The city’s Department of Finance is targeting deed fraud in a proof-of-concept test that seeks to make property documents ‘transparent and immutable’
New York City is exploring whether blockchain can improve the way it records and stores land ownership records.
The city’s Department of Finance partnered with Medici Land Governance to “to develop a proof of concept for the use of blockchain technology to detect and reduce deed fraud in New York City,” the company announced
on Aug. 5.
Recording the documents on a “transparent and immutable” digital ledger “has the potential to revamp how property documents are recorded in New York City and help prevent deed fraud," said DoF Commissioner Sherif Soliman said in a statement.
Avoiding deed fraud — and simply errors — is a problem far beyond New York City. Virtually every land sale requires a title search to ensure the seller really owns the property in question.
Title searches are part of the standard closing costs on home purchases, and generally run
$150 to $500 in New York City. Most banks will not finance
home or real estate purchases without a lender’s title insurance policy, and buyers are generally advised to get their own policy
New York City currently uses its Automated City Register Information System (ACRIS) as the official repository of these records, dating back to 1966.
Under the proof of concept, Medici will provide a parallel service that will simulate the recording of 500,000 records. The goal is to “demonstrate how to improve security, specifically by reducing the chance of intentional and possibly unnoticed fraud, reducing potential attack vectors, and increasing transparency,” Medici said.
The company’s Actum public records product is a blockchain-based public records archive that provides “secure, tamper-proof, immutable public records that are searchable, transparent, and trusted,” it said.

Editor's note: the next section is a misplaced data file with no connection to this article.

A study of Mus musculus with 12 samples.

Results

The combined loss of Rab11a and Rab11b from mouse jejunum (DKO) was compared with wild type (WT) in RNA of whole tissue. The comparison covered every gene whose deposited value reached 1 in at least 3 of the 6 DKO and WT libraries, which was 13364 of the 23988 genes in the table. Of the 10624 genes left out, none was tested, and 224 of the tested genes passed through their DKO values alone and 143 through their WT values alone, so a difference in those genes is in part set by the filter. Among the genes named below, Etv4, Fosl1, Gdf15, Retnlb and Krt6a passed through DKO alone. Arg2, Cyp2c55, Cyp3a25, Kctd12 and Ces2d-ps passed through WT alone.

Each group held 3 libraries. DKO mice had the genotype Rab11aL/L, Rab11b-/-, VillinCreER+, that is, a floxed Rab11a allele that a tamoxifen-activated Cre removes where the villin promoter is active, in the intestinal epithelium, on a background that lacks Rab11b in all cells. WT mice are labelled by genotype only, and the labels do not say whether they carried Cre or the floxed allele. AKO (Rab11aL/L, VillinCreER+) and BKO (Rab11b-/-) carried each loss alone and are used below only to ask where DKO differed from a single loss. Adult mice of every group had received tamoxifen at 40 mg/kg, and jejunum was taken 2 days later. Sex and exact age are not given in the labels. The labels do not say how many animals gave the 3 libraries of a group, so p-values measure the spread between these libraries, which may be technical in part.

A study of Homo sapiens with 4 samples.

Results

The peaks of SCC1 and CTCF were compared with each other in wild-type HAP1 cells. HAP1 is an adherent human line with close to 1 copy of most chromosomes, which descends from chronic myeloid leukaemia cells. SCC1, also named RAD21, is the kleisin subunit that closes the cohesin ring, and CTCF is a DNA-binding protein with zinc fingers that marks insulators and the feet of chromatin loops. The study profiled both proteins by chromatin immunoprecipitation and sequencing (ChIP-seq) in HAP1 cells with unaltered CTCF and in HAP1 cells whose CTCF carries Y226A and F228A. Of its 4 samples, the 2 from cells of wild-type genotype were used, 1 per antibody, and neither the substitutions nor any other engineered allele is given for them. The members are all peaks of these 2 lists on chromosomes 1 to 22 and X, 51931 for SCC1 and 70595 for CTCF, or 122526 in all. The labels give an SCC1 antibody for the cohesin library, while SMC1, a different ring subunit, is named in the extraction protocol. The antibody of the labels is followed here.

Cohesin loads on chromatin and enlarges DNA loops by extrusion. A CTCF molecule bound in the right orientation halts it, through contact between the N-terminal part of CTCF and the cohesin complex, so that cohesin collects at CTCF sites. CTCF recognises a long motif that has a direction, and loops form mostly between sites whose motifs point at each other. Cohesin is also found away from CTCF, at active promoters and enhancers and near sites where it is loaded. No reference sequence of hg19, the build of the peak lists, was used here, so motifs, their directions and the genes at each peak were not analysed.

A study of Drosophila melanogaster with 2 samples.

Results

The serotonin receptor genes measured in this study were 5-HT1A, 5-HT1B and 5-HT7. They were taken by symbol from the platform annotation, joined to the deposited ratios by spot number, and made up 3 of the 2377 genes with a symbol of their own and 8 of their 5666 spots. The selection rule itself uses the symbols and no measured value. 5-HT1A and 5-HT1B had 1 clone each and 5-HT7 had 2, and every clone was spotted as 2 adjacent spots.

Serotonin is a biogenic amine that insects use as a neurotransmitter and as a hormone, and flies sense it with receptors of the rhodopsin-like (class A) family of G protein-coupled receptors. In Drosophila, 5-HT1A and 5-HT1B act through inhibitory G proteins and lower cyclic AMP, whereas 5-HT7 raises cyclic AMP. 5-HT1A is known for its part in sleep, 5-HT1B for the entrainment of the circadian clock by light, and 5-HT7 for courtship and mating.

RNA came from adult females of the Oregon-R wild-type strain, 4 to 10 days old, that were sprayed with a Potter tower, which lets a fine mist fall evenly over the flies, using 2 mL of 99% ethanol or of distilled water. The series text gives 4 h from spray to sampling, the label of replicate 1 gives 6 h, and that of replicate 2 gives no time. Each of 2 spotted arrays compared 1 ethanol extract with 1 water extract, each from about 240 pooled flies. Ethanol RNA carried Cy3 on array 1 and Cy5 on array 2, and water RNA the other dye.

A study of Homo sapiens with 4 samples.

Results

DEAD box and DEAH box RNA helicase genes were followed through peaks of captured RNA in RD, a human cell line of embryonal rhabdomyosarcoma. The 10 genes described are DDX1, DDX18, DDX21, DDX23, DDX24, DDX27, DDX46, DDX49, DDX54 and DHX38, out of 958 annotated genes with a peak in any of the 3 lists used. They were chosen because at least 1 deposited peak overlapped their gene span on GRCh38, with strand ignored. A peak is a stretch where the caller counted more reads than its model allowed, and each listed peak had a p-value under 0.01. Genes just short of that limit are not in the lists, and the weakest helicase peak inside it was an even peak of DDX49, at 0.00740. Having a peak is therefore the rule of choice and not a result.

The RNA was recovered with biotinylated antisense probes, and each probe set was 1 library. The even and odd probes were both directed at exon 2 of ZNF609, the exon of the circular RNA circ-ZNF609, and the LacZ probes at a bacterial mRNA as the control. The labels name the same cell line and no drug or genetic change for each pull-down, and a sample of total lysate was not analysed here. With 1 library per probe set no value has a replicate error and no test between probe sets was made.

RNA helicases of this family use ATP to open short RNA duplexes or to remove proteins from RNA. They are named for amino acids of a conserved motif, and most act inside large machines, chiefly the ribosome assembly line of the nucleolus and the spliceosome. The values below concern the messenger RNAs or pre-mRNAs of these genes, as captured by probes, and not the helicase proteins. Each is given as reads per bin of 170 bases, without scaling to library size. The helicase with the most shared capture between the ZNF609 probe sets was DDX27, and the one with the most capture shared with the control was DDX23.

Blockchain’s use in storing and recording land ownership records has been going on for sometime, and not just in developed countries like the U.S.
The United Nations’ Office of Information and Communications Technology and UN-Habitat have collaborated on a similar blockchain-based product, goLandRegistry
, which is designed to provide “systematic, transparent, and secure online land registry management and data verification.”
That is being tested in South Asia. And, it is not the only such project the UN has run. Land registries are a key tool in allowing people to pull themselves out of poverty. Without clear ownership of property it cannot be used to back loans or other financing that allows it to be sold or developed.
The UN Development Programme ran an Ethereum-based land registry proof-of-concept in Panchkula, India in 2018. Discussing that program, the agency said
that many citizens in the developing world “simply don’t have confidence” in land registries. “Some are unsure if they legally own a piece of land, even if they have a legitimate sale deed. Others who want to buy a piece of land are not sure if the seller legally owns it.”